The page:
Stephen Hawking steps down as Lucasian Professor of Mathematics at Cambridge University

Stephen Hawking steps down as Lucasian Professor of Mathematics at Cambridge University

Hawking now Director of Research at Cambridge… Steps down as Lucasian Professor of Mathematics at Cambridge University

A transcription of physicist Stephen Hawking’s audio message to Newsnight in which he explains why he is standing down from the prestigious academic title of Lucasian Professor of Mathematics at Cambridge University. Previous holders of the position include Sir Isaac Newton and Charles Babbage.

Ok gang, PREDICTION TIME who will be the next Lucasian Professor of Mathematics? Post your prediction(s) up in the comments, winner will gets a copy of Astronomy Hacks.

So far it’s been…

1664 Isaac Barrow
1669 Sir Isaac Newton
1702 William Whiston
1711 Nicholas Saunderson
1739 John Colson
1760 Edward Waring
1798 Isaac Milner
1820 Robert Woodhouse
1822 Thomas Turton
1826 Sir George Biddell Airy
1828 Charles Babbage
1839 Joshua King
1849 Sir George Stokes
1903 Sir Joseph Larmor
1932 Paul Dirac
1969 Sir James Lighthill
1979 Stephen Hawking

In 2395 it will be Data, but that won’t happen for awhile.

34 thoughts on “Stephen Hawking steps down as Lucasian Professor of Mathematics at Cambridge University

  1. Phillip Torrone says:

    … is roger penrose

  2. Eric says:

    Andrew Fabian

  3. Phillip Torrone says:

    nice one @eric

  4. Stephen Hawking steps down as Lucasian Professor of Mathematics at Cambridge University Ian says:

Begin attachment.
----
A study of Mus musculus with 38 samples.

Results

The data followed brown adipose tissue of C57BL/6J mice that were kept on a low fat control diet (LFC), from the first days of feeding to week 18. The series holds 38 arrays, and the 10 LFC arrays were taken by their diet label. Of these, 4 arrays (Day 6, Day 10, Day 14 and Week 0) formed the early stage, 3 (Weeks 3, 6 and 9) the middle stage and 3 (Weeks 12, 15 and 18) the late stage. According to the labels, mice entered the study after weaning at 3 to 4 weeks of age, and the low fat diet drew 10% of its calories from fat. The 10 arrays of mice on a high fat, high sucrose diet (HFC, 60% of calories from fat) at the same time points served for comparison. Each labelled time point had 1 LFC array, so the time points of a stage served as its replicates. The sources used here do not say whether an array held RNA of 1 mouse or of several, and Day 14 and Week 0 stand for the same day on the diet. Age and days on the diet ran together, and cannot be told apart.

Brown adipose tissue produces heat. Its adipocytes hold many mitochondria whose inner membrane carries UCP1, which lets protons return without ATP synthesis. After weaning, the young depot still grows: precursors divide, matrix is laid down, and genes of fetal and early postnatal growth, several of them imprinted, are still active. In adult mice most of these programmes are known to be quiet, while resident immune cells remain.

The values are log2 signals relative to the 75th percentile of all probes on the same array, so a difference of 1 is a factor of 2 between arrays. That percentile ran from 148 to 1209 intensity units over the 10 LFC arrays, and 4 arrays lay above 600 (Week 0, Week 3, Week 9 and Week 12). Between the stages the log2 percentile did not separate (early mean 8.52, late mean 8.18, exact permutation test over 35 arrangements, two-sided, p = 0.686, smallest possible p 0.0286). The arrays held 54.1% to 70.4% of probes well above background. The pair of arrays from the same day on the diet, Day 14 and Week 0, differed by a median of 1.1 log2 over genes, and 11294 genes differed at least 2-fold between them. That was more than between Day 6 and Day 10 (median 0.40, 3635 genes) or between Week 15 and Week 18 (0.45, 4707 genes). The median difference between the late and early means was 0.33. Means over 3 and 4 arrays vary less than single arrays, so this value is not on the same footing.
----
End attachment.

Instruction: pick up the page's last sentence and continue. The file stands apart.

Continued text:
How about Al Gore? He invented the internet. I’m sure he could do this too…

  5. Phillip Torrone says:

    @Ian, c’mon that joke isn’t even funny, it was barely funny for maybe a few weeks in 1999, 10 years ago.

    al gore never said he invented the internet, but here’s what he did say…

    “during my service in the united states congress, i took the initiative in creating the internet. i took the initiative in moving forward a whole range of initiatives that have proven to be important to our country’s economic growth and environmental protection, improvements in our educational system.”

    perhaps he could have phrased it better, but it doesn’t appear he said he invented the internet.

    all that said…al gore was presented a lifetime achievement award for 30 years of contributions to the internet. vint cerf said “he is indeed due some thanks and consideration for his early contributions”.

    vint cerf, is the person most often called ‘the father of the internet’.

    so either way, it seems like daddy interwebs likes what al gore did.

    new, better jokes please… or stay on topic :)

  6. SoLasVegas says:

    Andrew Wiles

    1. Anelephant says:

      I second that it should be Andrew Wiles, however he is currently at princeton, and I don’t know this for sure but I guess he would have to move back to Britain to have that position, something that seems unlikely no matter how great of an honour it is.

      But I am only speculating.

  7. Stephen Wolfram says:

    Stephen Wolfram

    1. Jack says:

      Intelligent guy, but a bit full of himself.

      Or, I guess I should say, a bit full of yourself.

  8. vint cerf says:

    edward witten
    leonard susskind
    alan guth
    willem de sitter

  9. says:

    let me mention a few criteria the candidate will have to match:

    * theoretical physicist
    * world reputation
    * not already passed retirement age (or being close to)
    * probably string theorist
    * being British would help

    Thus my three guesses shall be: Juan Maldacena, Nathan Seiberg, Chris Hull

  10. Dan says:

    Marcus Du Sautoy.

    1. SynSlash says:

      If the being British part or age doesn’t matter, then Michio Kaku could probably satisfy the position, but thats just a wild guess I really have no idea

  11. anon says:

    Charlie Eppes or Dr. Larry Fleinhardt ?

  12. Jonathan Johns says:

    How about Paul Erdös?

    Heard something about him here:

    About halfway down the page, look for this:

    “From Benford to Erdös”

  13. brad says:

    karl mahlburg

  14. says:

    And the winner is: Michael B. Green, British, theoretical physicist and string theorist, being over sixty I would consider somewhat close to retirement age.